Full expensing of capital investments and lower tax rates are “two great tastes that taste great together.” That’s the word from the National Taxpayers Union Foundation (NTUF) in its newest policy study, an examination of the policy arguments surrounding cost recovery policy in tax reform. The latest in NTUF’s “What’s the Deal With…” series, the paper discusses key arguments for and against full expensing and addresses the political gamesmanship that has held it back.
Full expensing, including NTUF’s newest paper, will be the subject of discussion at a tax reform event hosted by NTUF’s sister organization, the National Taxpayers Union (NTU), featuring remarks Senator Ted Cruz (R-TX). The event will take place at 3 P.M. Thursday October 5th in room SD-106 at the Capitol. After remarks by Senator Cruz laying out his principles for tax reform, a tax policy discussion featuring NTUF Executive Vice President Andrew Moylan and the Tax Foundation’s Kyle Pomerleau will be moderated by NTU’s Mattie Duppler.
Earlier this year, NTU helped lead a coalition of 29 other organizations urging Congress to adopt full expensing for business investments. Other organizations that signed on to the letter include a “who’s who” of conservative groups: Americans for Tax Reform, Heritage Action for America, FreedomWorks, Citizens Against Government Waste, and many others.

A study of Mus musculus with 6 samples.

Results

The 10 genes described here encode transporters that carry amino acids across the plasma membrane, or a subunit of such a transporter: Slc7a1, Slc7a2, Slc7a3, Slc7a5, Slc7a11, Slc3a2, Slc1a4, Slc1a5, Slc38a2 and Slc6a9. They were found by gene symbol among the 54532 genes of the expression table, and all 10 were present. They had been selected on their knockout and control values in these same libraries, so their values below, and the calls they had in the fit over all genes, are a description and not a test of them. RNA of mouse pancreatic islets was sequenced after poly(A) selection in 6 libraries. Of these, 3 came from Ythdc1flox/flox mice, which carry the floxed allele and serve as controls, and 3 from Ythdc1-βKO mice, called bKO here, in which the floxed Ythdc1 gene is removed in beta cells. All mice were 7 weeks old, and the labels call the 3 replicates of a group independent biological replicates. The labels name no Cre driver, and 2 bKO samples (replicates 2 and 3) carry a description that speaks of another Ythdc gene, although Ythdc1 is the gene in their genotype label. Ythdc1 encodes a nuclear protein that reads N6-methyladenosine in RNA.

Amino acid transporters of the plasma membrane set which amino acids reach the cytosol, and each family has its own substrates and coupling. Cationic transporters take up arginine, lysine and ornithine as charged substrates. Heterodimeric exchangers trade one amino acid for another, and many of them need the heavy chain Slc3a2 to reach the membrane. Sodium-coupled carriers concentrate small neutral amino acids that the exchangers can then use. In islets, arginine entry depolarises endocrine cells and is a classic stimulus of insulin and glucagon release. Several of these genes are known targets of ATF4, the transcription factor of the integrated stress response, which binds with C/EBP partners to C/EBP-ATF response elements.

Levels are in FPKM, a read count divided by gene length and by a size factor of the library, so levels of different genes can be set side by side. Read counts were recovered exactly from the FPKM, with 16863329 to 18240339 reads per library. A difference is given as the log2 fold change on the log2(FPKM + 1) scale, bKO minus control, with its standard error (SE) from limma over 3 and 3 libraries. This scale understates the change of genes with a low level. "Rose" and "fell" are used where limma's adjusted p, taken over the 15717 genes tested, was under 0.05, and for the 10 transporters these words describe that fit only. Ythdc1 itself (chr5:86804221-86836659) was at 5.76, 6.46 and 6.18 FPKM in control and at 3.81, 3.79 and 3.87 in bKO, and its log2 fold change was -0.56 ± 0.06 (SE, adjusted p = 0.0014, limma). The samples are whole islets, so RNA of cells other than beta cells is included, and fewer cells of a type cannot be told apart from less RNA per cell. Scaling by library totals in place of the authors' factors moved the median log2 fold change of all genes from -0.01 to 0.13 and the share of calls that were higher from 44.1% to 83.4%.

NTUF’s Executive Vice President Andrew Moylan said, “Smarter cost recovery policy is the ‘killer app’ of tax reform - a subtle feature that can unlock tremendous economic expansion. It should be a key provision in any pro-growth tax reform proposal.” He continued, saying, “The 1986 tax reform package made the mistake of actually extending depreciation schedules, blunting the economic impact of what was otherwise a landmark reform. Congress should avoid repeating that mistake by ensuring that 2017’s tax reform package includes lower rates and smarter cost recovery.”
This paper is the second in a series titled What’s The Deal With..., with each designed to provide non-technical explanations of a highly technical tax policy issue – and options for addressing it. The first in the series covered options for addressing base erosion.
NTUF is a non-partisan research and educational organization dedicated to showing Americans how taxes, government spending, and regulations affect them. More information is available at ntu.org/foundation/.